Biggest Tea Drinking Countries

Name the 20 countries that consume the most tea per person.
Measured in pounds per person
Quiz by relessness
First submittedOctober 16, 2014
Times taken2,057
Rating3.89
Country
6.96
Turkey
4.83
Ireland
4.28
United Kingdom
3.05
Russia
2.68
Morocco
#
Country
2.63
New Zealand
2.23
Egypt
2.20
Poland
2.13
Japan
1.98
Saudi Arabia
#
Country
1.79
South Africa
1.71
Netherlands
1.65
Australia
1.61
Chile
1.59
United Arab Emirates
#
Country
1.52
Germany
1.28
Ukraine
1.25
China
1.12
Canada
1.06
Malaysia
+1
Level 74
Oct 16, 2014
It's astonishing when you compare this with Countries the Produce Most Tea how there is almost no overlap (2 countries out of 20 to be exact). What do Indians and Sri Lankans drink instead?
+1
Level 67
Oct 30, 2014
Yeah. I was really surprised too that there were so few Asian countries in the list, and that those that were, were so low down. I've heard that tea is the most common drink in China...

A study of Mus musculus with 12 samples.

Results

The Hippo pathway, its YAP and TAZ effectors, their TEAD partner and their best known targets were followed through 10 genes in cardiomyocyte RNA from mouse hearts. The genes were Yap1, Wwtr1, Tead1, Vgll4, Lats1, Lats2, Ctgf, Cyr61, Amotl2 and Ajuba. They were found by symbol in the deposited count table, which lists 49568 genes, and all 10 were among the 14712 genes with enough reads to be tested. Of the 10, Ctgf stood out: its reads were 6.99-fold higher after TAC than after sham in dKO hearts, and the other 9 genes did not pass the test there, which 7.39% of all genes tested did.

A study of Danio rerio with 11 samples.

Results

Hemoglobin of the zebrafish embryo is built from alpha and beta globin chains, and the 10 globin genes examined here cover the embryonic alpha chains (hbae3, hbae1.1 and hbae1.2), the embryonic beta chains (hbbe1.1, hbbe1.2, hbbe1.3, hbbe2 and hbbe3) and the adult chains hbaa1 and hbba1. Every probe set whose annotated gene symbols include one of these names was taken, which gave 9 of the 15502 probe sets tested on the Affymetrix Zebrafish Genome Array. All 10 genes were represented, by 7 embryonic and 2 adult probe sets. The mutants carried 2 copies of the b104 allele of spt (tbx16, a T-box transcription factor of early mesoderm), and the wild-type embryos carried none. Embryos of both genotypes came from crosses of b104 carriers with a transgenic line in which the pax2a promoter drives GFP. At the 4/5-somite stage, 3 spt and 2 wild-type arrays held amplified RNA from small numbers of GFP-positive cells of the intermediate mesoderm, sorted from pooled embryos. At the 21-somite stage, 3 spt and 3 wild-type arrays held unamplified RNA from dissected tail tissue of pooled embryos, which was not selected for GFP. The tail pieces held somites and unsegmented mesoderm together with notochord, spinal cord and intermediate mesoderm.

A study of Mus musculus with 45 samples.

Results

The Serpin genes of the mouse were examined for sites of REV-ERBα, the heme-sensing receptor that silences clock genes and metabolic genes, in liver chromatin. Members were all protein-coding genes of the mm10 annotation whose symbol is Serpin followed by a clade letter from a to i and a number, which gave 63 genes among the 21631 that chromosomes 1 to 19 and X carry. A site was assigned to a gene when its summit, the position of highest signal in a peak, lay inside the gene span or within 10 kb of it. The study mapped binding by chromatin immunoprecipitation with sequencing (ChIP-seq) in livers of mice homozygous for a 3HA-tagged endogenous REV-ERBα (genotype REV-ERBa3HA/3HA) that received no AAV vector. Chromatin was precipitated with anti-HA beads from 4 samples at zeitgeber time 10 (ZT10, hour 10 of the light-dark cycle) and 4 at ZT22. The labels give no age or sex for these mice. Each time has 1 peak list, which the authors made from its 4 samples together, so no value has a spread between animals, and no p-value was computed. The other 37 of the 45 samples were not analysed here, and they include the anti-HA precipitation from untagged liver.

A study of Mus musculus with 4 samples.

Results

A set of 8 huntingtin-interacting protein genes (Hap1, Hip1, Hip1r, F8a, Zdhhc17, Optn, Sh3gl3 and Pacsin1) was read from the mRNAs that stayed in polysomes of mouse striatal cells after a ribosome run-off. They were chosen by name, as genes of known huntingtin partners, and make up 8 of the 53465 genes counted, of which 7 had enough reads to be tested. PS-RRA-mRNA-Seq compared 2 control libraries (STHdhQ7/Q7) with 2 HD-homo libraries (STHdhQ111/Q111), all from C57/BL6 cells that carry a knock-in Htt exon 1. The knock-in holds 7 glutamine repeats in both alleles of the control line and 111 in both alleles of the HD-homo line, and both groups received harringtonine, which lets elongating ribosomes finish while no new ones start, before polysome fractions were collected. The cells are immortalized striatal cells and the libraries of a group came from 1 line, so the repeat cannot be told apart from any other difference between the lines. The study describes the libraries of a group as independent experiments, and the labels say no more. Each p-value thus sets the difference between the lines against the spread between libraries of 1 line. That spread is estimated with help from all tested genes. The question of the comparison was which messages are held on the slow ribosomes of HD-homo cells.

+1
Level 60
Sep 16, 2015
Tea is common in china. But not as common as other countries listed here, or, not as affordable. Many times the 'tea' served in a restaurant might not be made from the true tea leaves (other plants or herbal 'tea') and even if they are, they're priced slightly higher than water and beer. Just consider how huge the low income population in china is.
+1
Level 67
Oct 30, 2014
"Measured in pounds per person". Per year? Per month? Per day?
+1
Level 52
Jan 10, 2020
It's really surprising that China is not higher in the ranking. I lived there six years and my Chinese colleagues were sipping tea whole day. They have their own mug or thermos with them with tea leaves all the time and they keep on filling it up with hot water whenever it's empty. The same thing in Taiwan. But on the other hand Chinese don't drink strong tea. They use the same green tea leaves for long time unlike European black tea drinkers.

Interesting detail is that Chinese don't call English black tea as "black tea", they call it 红茶 Hong Cha, which literally means "red tea", which actually describes the color better. In Chinese there is also a 黑茶 Hei Cha, which means "black tea", but this is different to European black tea. Hei Cha is fermented from several months to many years and it's color is closer to black than European black tea.